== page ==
LONDON: Oxford University researchers are planning to trial a drug that has shown signs of reducing COVID-19 deaths in developing countries.
The Principle trial is aiming to find a drug that works soon after virus symptoms appear in a patient, and one that is most effective during the primary stages of the illness, The Times reported.
The trial is assessing Ivermectin, a medicine used on livestock and people who have been infected by parasitic worms, which has been hailed by some as a “wonder drug” with the potential to save thousands of lives, the report added.
Other scientists said the drug had not been assessed properly and that the full extent of its efficacy was not yet known.
“It has potential antiviral properties and anti-inflammatory properties and there have been quite a few smaller trials conducted in low and middle- income countries, showing that it speeds recovery, reduces inflammation and reduces hospitalisation,” said Chris Butler, professor of primary care at Oxford and co-chief of the Principle trial. “But there’s a gap in the data. There’s not been a really rigorous trial.”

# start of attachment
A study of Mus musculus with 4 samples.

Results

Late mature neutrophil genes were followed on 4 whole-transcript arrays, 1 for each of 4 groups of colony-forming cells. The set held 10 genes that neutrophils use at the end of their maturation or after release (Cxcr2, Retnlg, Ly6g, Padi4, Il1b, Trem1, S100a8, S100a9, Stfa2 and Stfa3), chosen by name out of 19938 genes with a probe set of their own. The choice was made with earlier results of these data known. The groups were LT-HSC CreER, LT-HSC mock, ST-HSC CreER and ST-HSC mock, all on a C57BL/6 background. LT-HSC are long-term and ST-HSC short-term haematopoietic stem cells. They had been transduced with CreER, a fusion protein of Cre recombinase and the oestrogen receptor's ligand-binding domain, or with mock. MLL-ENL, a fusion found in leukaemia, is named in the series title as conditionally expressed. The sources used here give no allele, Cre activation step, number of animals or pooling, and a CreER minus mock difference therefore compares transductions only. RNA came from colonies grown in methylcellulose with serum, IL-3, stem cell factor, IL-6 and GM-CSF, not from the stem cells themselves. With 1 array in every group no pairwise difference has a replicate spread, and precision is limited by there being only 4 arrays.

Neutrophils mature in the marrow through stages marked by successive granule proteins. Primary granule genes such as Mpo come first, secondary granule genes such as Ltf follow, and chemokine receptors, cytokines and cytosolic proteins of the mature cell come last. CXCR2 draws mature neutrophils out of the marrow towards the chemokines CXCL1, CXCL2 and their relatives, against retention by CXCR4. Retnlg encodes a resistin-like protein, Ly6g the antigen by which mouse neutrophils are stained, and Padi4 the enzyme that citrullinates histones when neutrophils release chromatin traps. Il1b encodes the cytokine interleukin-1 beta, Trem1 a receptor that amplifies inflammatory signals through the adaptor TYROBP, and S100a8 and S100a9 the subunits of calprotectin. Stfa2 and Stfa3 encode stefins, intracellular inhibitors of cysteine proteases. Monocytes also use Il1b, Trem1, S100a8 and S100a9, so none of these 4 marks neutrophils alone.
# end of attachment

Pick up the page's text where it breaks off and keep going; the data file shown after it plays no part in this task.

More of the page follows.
The medicine works by blocking the entry of a protein into a cell’s nuclei, limiting the replication capacity of the virus, and initial analysis from the World Health Organization has shown promising signs.
“It could save thousands of lives a day,” said Paul Marik, from the Eastern Virginia Medical School. “The data is compelling: across Mexico, India and South America, mortality has fallen.”
Peter Horby, the Oxford University professor who helped to set up the UK’s largest COVID-19 trials, said this month the latest data was “interesting, perhaps encouraging, but not yet convincing.”
Most breakthroughs in coronavirus treatments to date work on patients who are already suffering in the later stages of the illness, but Butler and his team are hoping to find a medicine that can prevent the virus from taking hold within its host.
The trial is looking for people aged 65 and over, or those aged over 50 who have underlying health conditions, through general practitioners, online, and through the UK’s NHS Test and Trace system, The Times said.